Monday, June 20, 2011
The Supreme Court today ruled (8-0, Justice Sotomayor recused) that the federal Clean Air Act displaces the federal common law of nuisance in a case brought by several states, New York City, and private land trusts against private fossil-fuel fired power plants and the Tennessee Valley Authority--some of the largest emitters of carbon dioxide in the United States.
The ruling means that plaintiffs claiming a harm from greenhouse gas emissions must look to the Clean Air Act, and not to federal common law, for a remedy.
Justice Ginsburg wrote for the Court in American Electric Power v. Connecticut that the Clean Air Act "speaks directly" to the plaintiff's federal common law claim and therefore displaces it:
We hold that the Clean Air Act and the EPA actions it authorizes displace any federal common law right to seek abatement of carbon-dioxide emissions from fossil-fuel fired power plants. [Massachusetts v. EPA] made plain that emissions of carbon dioxide qualify as air pollution subject to regulation under the Act. And we think it equally plain that the Act "speaks directly" to emissions of carbon dioxide from the defendants' plants.
Op. at 10.
But the plaintiffs argued--and the Second Circuit agreed--that the Clean Air Act and EPA regulations couldn't displace their common law public nuisance claim, because the EPA hadn't yet regulated the defendants' emissions. It doesn't matter, says the Court; judges shouldn't be making policy in areas where Congress has acted and delegated authority to regulate:
It is altogether fitting that Congress designated an expert agency, here, EPA, as best suited to serve as primary regulator of greenhouse gas emissions. The expert agency is surely better equipped to do the job than individual district judges issuing ad hoc, case-by-case injunctions. Federal judges lack the scientific, economic, and technological resources an agency can utilize in coping with issues of this order. Judges may not commission scientific studies or convene groups of experts for advice, or issue rules under notice-and-comment procedures inviting input by any interested person, or seek the counsel of regulators in the States where the defendants are located. Rather, judges are confined by a record comprising the evidence the parties present. Moreover, federal district judges, sitting as sole adjudicators, lack authority to render precedential decisions binding other judges, even members of the same court.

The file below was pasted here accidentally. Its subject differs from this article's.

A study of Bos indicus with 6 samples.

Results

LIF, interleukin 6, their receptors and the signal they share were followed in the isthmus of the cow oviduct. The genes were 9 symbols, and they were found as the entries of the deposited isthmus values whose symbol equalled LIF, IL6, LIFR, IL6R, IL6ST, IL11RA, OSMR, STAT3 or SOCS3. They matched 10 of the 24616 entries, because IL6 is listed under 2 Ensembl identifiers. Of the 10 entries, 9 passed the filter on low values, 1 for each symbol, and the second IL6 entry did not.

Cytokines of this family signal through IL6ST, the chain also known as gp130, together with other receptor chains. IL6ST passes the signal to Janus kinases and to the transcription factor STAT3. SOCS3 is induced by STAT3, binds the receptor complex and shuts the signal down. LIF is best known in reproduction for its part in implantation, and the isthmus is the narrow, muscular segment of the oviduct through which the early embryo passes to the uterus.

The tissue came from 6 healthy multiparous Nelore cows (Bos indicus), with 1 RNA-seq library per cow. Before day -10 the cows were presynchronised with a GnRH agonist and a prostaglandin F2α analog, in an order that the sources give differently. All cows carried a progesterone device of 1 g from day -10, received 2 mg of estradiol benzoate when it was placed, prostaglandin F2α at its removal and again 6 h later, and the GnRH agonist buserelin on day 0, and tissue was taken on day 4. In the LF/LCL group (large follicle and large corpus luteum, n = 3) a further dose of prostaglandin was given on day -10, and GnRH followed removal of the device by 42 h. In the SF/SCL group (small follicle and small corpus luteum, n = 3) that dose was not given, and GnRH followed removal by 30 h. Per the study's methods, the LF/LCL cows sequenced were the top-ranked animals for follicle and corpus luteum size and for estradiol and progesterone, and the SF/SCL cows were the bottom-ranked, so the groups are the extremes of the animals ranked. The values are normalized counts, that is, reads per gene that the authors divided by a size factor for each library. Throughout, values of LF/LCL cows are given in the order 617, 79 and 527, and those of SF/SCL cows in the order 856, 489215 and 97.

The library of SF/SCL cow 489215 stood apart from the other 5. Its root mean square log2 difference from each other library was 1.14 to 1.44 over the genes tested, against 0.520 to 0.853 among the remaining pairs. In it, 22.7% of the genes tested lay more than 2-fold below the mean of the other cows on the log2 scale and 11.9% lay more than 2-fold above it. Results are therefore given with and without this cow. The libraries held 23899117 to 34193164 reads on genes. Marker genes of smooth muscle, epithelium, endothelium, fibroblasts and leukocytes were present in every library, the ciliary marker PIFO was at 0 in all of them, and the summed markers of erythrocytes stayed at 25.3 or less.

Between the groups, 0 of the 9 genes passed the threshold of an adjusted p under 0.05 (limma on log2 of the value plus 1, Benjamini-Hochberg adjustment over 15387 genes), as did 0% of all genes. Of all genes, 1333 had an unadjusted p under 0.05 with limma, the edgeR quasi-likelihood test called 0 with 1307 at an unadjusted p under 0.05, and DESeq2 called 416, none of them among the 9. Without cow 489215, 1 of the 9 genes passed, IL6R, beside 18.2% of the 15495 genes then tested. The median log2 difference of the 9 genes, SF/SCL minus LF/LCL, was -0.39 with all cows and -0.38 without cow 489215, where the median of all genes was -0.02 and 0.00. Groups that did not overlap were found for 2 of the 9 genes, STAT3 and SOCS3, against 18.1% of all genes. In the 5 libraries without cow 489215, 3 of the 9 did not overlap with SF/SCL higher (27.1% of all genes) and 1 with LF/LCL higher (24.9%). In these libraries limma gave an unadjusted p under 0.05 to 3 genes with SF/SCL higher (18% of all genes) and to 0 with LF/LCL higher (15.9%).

Op. at 14-15.
The Court also held that the plaintiffs had standing. The Court divided equally on standing and thus upheld the Second Circuit's ruling that the plaintiffs had standing. It's no surprise that the plaintiffs' theory of standing--the same theory that plaintiffs successfully advocated in Massachusetts--is controversial among the Justice: A sharply divided Court ruled (5-4) in Massachusetts that states had standing to sue the EPA to challenge the agency's denial of their petition to regulate greenhouse gases. Chief Justice Roberts wrote the dissent in Massachusetts, joined by Justices Scalia, Thomas, and Alito. The Massachusetts ruling is as divisive now as it was then. (Justice Sotomayor was on the Second Circuit panel, but she did not participate in the ruling, because she had by then been elevated and the other two panel judges agreed on the issue.)